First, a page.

Buying a Business

A Small Business Owner's Guide to Preparing Your Business for Sale

If you own a small business, it’s important to have an exit strategy in place. Whether you plan to retire, pursue another venture, or simply move on, there will come a time when you need to prepare your business for sale. However, selling a business is a complex process that requires careful planning and execution. In this guide, we’ll provide a complete guide for preparing your small business for sale.


The first step in preparing your business for sale is to determine its value. You can do this by hiring a professional business valuator or by using an online valuation calculator. A valuation will give you an idea of what your business is worth and help you set a realistic asking price. It will also help you identify any areas of your business that may need improvement before you put it on the market.

Related Reading: What is a Business Valuation vs. an Appraisal?

Get Your Finances in Order:

Prospective buyers will want to see your financial statements, including your income statement, balance sheet, and cash flow statement. Make sure your financial records are up to date and accurate, and be prepared to answer questions about them. You may want to hire an accountant or financial advisor to help you get your finances in order and prepare for due diligence.

Make sure to prep these financial documents:

  1. Income statement
  2. Balance sheet
  3. Cash flow statement
  4. Tax returns for the past three to five years
  5. Profit and loss statements
  6. Accounts receivable and payable reports
  7. Inventory records

Clean up Your Operations:

Buyers will also want to see that your business is operating efficiently and effectively. This means you’ll need to clean up any operational issues, such as outdated equipment or software, poor inventory management, or inefficient processes. Make sure your systems and processes are streamlined and running smoothly before you put your business on the market.

These are some common documents you will want to prepare:

  • List of assets and equipment
  • This should include a detailed description of each item, its condition, and any existing leases or loans.
  • Customer and supplier contracts
  • Buyers will want to see your current contracts and know if they can be transferred or terminated upon the sale of the business.
  • Employee agreements and benefits information
  • Provide a list of your current employees, their roles and responsibilities, and any benefits they receive. Buyers will also want to know if there are any employment contracts in place.
  • Tax returns and financial statements

Related Reading: Types of Equipment You Can Finance for Your Business Growth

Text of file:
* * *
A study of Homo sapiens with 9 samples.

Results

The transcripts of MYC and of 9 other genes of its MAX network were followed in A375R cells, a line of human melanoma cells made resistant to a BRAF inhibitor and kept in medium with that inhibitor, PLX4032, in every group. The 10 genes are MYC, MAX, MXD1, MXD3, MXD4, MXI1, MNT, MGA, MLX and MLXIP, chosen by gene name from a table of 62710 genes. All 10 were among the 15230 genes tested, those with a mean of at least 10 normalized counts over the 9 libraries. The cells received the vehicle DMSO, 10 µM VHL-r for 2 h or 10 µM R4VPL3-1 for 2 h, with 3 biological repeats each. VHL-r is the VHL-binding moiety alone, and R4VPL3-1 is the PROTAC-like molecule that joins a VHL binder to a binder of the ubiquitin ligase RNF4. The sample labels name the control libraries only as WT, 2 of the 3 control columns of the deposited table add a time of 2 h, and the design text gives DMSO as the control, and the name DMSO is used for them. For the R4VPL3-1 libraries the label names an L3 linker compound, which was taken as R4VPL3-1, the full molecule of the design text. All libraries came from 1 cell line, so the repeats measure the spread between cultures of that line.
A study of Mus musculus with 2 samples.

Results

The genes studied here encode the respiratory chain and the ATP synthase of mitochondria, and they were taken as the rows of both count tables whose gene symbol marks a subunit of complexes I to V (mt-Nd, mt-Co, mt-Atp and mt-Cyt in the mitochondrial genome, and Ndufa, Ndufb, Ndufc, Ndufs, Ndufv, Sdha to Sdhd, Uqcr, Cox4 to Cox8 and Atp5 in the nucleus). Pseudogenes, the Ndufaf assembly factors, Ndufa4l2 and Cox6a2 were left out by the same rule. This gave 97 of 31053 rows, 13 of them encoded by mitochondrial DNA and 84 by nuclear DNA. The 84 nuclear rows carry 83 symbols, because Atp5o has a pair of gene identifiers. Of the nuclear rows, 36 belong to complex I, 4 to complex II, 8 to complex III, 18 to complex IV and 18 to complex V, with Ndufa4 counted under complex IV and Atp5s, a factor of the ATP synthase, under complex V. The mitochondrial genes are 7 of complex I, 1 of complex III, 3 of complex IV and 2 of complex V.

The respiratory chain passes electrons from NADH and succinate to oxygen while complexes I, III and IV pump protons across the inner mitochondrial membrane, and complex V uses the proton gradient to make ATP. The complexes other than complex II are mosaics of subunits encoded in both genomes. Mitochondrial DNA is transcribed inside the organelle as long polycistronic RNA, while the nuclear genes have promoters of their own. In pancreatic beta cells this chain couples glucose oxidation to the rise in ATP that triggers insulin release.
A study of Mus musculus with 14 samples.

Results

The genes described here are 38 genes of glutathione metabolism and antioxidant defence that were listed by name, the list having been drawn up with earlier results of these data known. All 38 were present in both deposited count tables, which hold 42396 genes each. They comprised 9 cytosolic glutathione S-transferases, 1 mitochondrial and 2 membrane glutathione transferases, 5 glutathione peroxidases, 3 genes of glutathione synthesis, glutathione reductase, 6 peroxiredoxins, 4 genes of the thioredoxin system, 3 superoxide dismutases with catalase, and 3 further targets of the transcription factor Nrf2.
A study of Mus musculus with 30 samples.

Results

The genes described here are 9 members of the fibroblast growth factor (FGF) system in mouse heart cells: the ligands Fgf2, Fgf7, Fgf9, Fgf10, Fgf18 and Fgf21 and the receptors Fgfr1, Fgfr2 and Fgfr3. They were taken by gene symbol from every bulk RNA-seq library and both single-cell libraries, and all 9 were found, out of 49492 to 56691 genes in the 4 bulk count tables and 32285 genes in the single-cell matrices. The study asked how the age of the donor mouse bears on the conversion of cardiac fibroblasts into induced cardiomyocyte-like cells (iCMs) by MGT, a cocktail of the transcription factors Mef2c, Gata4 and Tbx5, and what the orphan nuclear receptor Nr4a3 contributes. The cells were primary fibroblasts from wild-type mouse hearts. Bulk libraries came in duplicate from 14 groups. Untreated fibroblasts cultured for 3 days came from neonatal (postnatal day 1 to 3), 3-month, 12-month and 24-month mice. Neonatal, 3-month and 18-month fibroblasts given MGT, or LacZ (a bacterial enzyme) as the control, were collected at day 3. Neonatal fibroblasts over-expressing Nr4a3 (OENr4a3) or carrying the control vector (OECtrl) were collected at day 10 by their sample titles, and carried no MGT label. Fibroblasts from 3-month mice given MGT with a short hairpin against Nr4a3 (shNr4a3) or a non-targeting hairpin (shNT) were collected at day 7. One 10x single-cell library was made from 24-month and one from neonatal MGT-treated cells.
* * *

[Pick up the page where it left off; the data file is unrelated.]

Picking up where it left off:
Make Sure Your Contracts are in Order:

Buyers will want to see that your business has valid contracts in place with key employees, suppliers, and customers. Review your contracts and make any necessary updates to ensure they are legally binding, up to date, and in good standing. This will give buyers confidence that they are acquiring a stable and secure business.

Make sure to keep your employees in the loop about the sale of your business. This will help alleviate any concerns they may have and ensure a smooth transition for both them and the new owner. After all, if your key employees are willing to stay with an ownership change, this can be greatly leveraged during your sale.

Work with Professionals:

Preparing your business for sale can be overwhelming, but you don’t have to do it alone. Consider enlisting the help of a business broker, attorney, accountant, or financial advisor to guide you through the process. These professionals can help you with everything from valuation to due diligence to negotiating the sale.

Business broker: A business broker specializes in buying and selling businesses. They can help you find potential buyers, market your business, and negotiate the sale.

Attorney: An attorney can help you with legal aspects of the sale, such as drafting contracts and reviewing any potential liabilities.

Accountant: An accountant can help you prepare your financial statements and provide tax advice for the sale.

Financial advisor: A financial advisor can help you create a plan for managing the proceeds from the sale of your business.

Sell Your Small Business With Confidence

Selling a small business is a complex process that requires careful planning and execution. By following the steps outlined in this guide, you can prepare your business for sale and maximize its value. Remember to start with a valuation, get your finances in order, clean up your operations, make sure your contracts are in order, and work with professionals. With the right preparation and guidance, you can successfully sell your small business and move on to your next adventure.

Check out our podcast to hear how Baton is helping small business owners sell their businesses!